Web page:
HMRC urged to be lenient on returns delayed by the postal strike
Taxpayers whose paper returns are held up in the mail by the postal strike should not have to face a late filing fine.
The call to HM Revenue and Customs (HMRC) not to issue fines to those taxpayers who miss the 31 October deadline because of industrial action by Royal Mail workers came from the Chartered Institute of Taxation (CIOT) and the Association of Taxation Technicians (ATT).
Both organisations have written to Dave Hartnett, HMRC’s chief of tax, asking him to consider treating all paper returns received within a week of the deadline as if they were received on time.
This would mean not imposing any late filing charges of £100.
Andrew Hubbard, president of the CIOT, commented: “HMRC have said that anyone whose tax return misses the deadline due to the strike should not have to pay the hundred pound fine as they can appeal and have the penalty cancelled. That is welcome.”
But Mr Hubbard added that, given the chaos likely to hit the postal service during the strike period, “it would be much more sensible, and less bureaucratic all round, simply to treat all returns which arrive up to a week late as having arrived on time.”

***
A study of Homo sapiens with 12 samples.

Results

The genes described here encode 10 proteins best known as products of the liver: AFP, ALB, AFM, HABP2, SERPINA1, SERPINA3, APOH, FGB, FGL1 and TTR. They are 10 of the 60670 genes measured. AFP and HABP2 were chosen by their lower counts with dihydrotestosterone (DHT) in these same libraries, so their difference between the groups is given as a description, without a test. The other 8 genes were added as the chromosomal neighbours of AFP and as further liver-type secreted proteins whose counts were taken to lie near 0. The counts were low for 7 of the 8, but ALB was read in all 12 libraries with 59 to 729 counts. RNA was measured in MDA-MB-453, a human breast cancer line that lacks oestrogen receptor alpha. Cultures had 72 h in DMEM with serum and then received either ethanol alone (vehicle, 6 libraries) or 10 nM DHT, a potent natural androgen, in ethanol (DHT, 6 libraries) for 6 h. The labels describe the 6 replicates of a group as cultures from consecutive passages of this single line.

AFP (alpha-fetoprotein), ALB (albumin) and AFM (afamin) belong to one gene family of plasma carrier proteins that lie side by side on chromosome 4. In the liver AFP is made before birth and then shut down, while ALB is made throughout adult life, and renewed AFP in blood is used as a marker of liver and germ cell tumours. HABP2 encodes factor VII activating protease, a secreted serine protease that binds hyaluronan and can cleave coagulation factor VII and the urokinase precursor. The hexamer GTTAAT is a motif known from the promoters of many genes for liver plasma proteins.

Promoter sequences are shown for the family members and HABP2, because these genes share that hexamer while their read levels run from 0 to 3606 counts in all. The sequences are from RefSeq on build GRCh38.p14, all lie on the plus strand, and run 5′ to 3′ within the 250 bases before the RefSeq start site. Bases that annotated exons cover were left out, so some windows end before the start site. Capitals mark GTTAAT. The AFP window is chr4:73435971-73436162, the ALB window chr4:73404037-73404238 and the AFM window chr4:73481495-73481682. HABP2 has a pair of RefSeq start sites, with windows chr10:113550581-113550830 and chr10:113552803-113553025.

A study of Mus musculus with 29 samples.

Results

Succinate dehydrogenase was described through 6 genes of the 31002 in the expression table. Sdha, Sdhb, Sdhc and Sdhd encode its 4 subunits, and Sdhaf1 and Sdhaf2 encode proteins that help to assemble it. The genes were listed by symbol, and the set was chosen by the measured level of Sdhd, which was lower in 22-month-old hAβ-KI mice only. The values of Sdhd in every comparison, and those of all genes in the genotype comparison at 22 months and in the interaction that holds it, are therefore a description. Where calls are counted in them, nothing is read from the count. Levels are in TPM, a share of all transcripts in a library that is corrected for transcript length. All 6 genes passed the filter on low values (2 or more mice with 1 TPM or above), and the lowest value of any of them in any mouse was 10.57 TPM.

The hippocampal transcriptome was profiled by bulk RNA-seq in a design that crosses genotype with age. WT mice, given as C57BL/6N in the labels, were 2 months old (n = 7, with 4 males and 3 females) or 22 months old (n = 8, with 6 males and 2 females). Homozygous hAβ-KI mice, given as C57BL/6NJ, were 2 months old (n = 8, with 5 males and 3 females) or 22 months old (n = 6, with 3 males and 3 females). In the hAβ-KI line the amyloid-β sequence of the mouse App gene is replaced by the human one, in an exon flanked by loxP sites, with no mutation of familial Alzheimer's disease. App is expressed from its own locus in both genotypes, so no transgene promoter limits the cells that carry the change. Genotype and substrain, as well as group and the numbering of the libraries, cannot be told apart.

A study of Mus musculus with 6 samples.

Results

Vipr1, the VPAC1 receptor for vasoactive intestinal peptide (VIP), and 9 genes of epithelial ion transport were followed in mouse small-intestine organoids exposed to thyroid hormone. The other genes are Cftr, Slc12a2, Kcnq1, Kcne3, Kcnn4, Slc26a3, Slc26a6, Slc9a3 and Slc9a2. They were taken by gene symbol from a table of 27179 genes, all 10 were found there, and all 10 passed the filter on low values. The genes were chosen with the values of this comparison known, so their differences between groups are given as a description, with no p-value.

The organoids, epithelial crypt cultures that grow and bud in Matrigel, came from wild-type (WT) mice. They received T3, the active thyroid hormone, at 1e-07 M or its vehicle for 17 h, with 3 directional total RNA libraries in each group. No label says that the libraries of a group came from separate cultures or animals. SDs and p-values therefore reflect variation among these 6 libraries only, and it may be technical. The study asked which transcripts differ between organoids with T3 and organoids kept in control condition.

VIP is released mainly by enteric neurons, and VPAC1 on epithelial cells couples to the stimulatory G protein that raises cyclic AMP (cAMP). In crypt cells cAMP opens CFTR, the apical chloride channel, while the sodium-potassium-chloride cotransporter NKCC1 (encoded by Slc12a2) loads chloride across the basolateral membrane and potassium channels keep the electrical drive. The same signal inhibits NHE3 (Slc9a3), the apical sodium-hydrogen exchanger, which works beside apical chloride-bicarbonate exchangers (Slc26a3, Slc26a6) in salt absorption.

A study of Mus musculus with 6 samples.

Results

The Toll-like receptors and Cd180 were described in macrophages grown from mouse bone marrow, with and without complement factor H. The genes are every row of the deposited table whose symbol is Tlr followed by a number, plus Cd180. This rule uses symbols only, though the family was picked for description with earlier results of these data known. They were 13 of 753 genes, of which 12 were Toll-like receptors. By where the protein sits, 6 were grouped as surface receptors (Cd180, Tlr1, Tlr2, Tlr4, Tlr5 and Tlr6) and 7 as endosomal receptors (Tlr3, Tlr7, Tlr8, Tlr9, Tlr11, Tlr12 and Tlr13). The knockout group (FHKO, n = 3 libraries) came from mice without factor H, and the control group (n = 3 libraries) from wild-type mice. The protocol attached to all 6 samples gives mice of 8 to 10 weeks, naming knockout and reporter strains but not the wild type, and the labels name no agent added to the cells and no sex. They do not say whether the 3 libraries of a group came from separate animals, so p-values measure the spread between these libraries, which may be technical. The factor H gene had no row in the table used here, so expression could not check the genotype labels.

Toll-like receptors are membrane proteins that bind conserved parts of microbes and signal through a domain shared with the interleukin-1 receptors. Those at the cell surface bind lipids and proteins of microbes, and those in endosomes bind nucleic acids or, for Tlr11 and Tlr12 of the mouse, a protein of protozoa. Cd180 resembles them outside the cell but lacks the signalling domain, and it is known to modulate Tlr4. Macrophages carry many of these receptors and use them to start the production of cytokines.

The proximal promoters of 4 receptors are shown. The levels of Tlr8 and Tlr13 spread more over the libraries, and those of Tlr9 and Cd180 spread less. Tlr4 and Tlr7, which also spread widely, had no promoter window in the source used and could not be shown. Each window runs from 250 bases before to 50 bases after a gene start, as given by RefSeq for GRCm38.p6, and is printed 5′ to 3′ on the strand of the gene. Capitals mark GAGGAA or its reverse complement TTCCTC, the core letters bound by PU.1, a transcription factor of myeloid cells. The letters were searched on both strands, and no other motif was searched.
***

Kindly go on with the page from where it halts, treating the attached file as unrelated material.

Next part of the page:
David Stedman, president of the ATT, offered the following advice: “The regional postal strikes earlier this year led to some letters being delayed by weeks.
“I would strongly encourage anyone yet to send in their tax return to either deliver it by hand to a local tax office – and keep a note of when they delivered it – or to obtain a ‘proof of posting’ certificate from their local post office when they post it. This will enable people to prove to HMRC that they posted in good time even if the return arrives late and they need to appeal.”